How we eat: Chef’s choice at L’Ostrica


January 30, 2024

L'Ostrica dish

Cat Carter and Eric Ferguson bring an intimate, multicourse dining experience to Montford at L’Ostrica. 

by Michael J. Solender

It was inevitable that Cat Carter and Eric Ferguson’s paths would cross along Charlotte’s expanding culinary pathways. 

She’s a gardener, food researcher, food writer and home chef. He’s a classically trained chef, restaurateur and food traveler. They are both storytellers, using innovative dining as a platform for sharing the history, processes and intricate techniques behind the dishes they create.

The couple met in 2017 at a surprise birthday party Carter’s friends had thrown for her. Ferguson, then a chef working with local restaurateur Bruce Moffett, helped with the menu for the event and a friendship took hold. “I was aware of his reputation and was intrigued when we met,” Carter says. “We talked about food constantly for the next two years and then finally went out on a date.”

The relationship, with its roots firmly based in the kitchen, blossomed and ultimately led the pair to create private in-home dining experiences for friends and a growing (mostly by word-of-mouth) client roster across Charlotte. This past October, the couple extended their creative vision with L’Ostrica, a 38-seat restaurant where guests, chefs and staff connect over a curated “signature” tasting menu with 10-plus courses ($175 per person). For guests with smaller appetites, a five-course option ($110) was introduced this winter.

“We do everything from scratch,” Carter says. “We find ingredients at their peak flavor, and it makes a tremendous difference.” This meticulous sourcing and preparation is a reason their private-dining experiences became so popular, she says.

Then there’s the storytelling aspect. “Guests get to interact with both of us and hear what we are thinking — why our winter squash soup is different and explosive in flavor with such a simple set of ingredients,” Carter says. “To take that knowledge and then to share it, it’s a tremendous gift.”

Though some ingredients and dishes may seem unfamiliar, team members walk guests through the menu. “You know exactly what you’re eating,” Ferguson says. “We’re not hiding it, but we’re also showing you an extra technique or we’re showing you something familiar to help you through that process of eating something new.”

One example is found in the chef’s fondness for chicory, a wild green with a woodsy, slightly bitter back note. Ferguson uses several varieties of chicories and lime juice instead of lemon to create a twist on the classic Caesar Aviator salad. “It creates an entirely different dynamic, and it’s a fun historic story to tell about the brothers who initially created the recipe,” Ferguson says.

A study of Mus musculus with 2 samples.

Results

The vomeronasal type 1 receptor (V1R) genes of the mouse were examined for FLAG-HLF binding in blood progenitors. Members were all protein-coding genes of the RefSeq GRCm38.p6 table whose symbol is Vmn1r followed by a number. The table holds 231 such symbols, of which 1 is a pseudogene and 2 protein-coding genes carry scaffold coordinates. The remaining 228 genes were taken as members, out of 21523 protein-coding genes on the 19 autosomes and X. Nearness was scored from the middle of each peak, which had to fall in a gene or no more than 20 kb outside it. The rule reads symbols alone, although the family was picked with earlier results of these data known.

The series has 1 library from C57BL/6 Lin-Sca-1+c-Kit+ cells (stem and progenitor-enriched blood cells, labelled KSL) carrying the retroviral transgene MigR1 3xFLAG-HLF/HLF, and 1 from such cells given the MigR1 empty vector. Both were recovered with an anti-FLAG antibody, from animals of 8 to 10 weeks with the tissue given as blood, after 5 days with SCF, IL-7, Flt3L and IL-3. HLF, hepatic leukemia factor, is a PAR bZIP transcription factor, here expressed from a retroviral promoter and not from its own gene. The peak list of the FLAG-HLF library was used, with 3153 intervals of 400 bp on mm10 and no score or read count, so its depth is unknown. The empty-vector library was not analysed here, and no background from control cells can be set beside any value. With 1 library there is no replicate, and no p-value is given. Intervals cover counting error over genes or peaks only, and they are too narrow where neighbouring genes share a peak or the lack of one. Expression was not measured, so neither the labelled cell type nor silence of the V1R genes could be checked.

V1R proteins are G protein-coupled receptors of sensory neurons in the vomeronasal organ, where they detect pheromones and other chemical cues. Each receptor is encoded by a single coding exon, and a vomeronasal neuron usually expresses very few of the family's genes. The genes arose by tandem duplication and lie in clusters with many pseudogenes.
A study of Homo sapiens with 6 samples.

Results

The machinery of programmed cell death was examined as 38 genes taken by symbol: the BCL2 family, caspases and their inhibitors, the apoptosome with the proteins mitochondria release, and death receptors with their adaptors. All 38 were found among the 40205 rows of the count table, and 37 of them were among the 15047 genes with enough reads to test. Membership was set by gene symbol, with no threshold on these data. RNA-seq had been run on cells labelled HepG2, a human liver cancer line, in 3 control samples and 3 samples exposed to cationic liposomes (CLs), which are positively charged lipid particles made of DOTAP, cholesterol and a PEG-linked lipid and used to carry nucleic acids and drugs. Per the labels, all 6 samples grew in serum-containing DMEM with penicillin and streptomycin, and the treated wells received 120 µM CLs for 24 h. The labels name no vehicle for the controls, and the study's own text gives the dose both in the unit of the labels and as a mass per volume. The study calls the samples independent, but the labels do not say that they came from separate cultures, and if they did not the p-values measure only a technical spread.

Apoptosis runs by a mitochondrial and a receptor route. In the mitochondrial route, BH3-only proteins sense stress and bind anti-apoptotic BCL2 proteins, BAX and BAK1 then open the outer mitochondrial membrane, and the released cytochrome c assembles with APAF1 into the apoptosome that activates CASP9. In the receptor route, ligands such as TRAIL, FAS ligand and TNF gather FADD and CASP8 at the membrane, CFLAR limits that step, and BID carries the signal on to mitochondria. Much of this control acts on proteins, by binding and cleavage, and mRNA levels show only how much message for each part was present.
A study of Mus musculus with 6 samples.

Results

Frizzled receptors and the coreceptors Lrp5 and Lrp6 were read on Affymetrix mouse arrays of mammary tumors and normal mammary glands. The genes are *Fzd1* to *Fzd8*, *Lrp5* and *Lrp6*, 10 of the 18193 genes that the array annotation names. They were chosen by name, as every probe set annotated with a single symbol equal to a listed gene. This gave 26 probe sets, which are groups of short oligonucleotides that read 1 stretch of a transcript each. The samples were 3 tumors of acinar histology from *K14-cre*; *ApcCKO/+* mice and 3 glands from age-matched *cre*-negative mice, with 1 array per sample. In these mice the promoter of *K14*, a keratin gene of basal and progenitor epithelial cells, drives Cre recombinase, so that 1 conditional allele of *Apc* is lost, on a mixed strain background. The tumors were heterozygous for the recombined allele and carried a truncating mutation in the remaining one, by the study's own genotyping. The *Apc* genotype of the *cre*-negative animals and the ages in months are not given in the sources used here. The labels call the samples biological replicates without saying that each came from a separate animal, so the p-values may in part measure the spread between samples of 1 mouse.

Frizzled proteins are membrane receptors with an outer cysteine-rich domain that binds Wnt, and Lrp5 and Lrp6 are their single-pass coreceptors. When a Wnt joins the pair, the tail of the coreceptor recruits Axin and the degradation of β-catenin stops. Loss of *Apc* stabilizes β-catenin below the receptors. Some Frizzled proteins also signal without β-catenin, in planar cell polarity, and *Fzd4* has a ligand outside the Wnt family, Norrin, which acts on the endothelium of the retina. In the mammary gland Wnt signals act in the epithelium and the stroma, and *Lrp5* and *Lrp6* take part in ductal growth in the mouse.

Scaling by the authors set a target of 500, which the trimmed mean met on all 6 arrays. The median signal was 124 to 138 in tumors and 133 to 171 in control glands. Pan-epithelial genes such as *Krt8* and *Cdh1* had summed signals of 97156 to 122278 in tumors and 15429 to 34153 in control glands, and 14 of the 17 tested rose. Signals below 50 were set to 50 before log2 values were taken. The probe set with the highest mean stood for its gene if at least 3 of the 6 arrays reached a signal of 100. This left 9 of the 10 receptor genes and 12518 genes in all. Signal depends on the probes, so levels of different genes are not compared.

The couple delights in introducing unique ingredients in unexpected preparations to create “wow” experiences for their guests. Take the smoked tomato and cucumber salad: Ferguson cures a thick slice of fresh tomato with salt, sugar, herbs and spices, and slowly smokes it as if it were beef. “It looks like a tomato, but if you close your eyes and take a bite, it tastes like bacon.”

Dinner may start with a beet chicharron. Here, Ferguson employs a five-step process that concentrates the flavor of local beets and yields a puffy, crispy chip topped with a dollop of house-made crème fraiche and Tsar Nicoulai caviar. 

Seafood lovers will swoon at Ferguson’s smoky-spicy lobster brioche, which combines French technique with Korean flair. Smoked and butter-poached lobster crowns a house-made brioche round lined with salted, pickled cucumbers (for acid and crunch) and resting atop a gochugaru (Korean chili powder) aioli. It is a beautifully composed plate that is to be savored.

“Conceptually what intrigues Cat and me about a tasting menu is that guests get an opportunity to really have an experience that touches on all the things that a lot of chefs try and put all onto one plate.” 

Diners can expect a progression of vegetable-focused dishes early in the tasting, with a variety of proteins (the emphasis is on seafood) to follow. There’s always a pasta dish, though it might not be Italian — dumplings or Asian noodles are often on the menu. 

The meal, of course, concludes with something sweet. Look for playfulness here — for example, baby ginger gelato surprises with candy cap mushrooms incorporated into the dish. When dehydrated, the mushrooms smell and taste like maple syrup.

Wine and spirit-free pairings are available (for an additional fee) to complement your meal, as are craft cocktails and wines by the bottle or glass. Just don’t look for a menu online or expect a “themed” dining experience that fits neatly into a specific culinary style. There is a trust and rapport Carter and Ferguson want to establish with their guests as the experience unfolds before them.

Sundays are more casual at L’Ostrica with a themed, multicourse “Sunday Supper” ($75 per person). A chef’s market is open Wed.-Sat. from 11 a.m. to 3 p.m., with house-made pastas, sauces, salads, sandwiches and other specialty items to go, such as Feguson’s fabled chicken salad. And guests are welcome to stop by the bar for cocktails and snacks evenings Wed.-Sat.

Ferguson sums up the concept as an extension of L’Ostrica’s in-home dining experiences. 

“People go out to eat all the time and may never get to talk to the [the managers] unless it might be negative,” he says. “What we’re trying to do is create connections with those people so that they know us, and they feel good about what we’re [creating here]. That’s been the biggest power for us when we’ve been in people’s homes. And that is exactly what we’re trying to do here.”  SP

Photographs courtesy L’Ostrica

This post was updated on 1/31/24.

This feature is part of a collection of stories about local food and drink trends from charcuterie boards to cocktails and neighborhood favorites.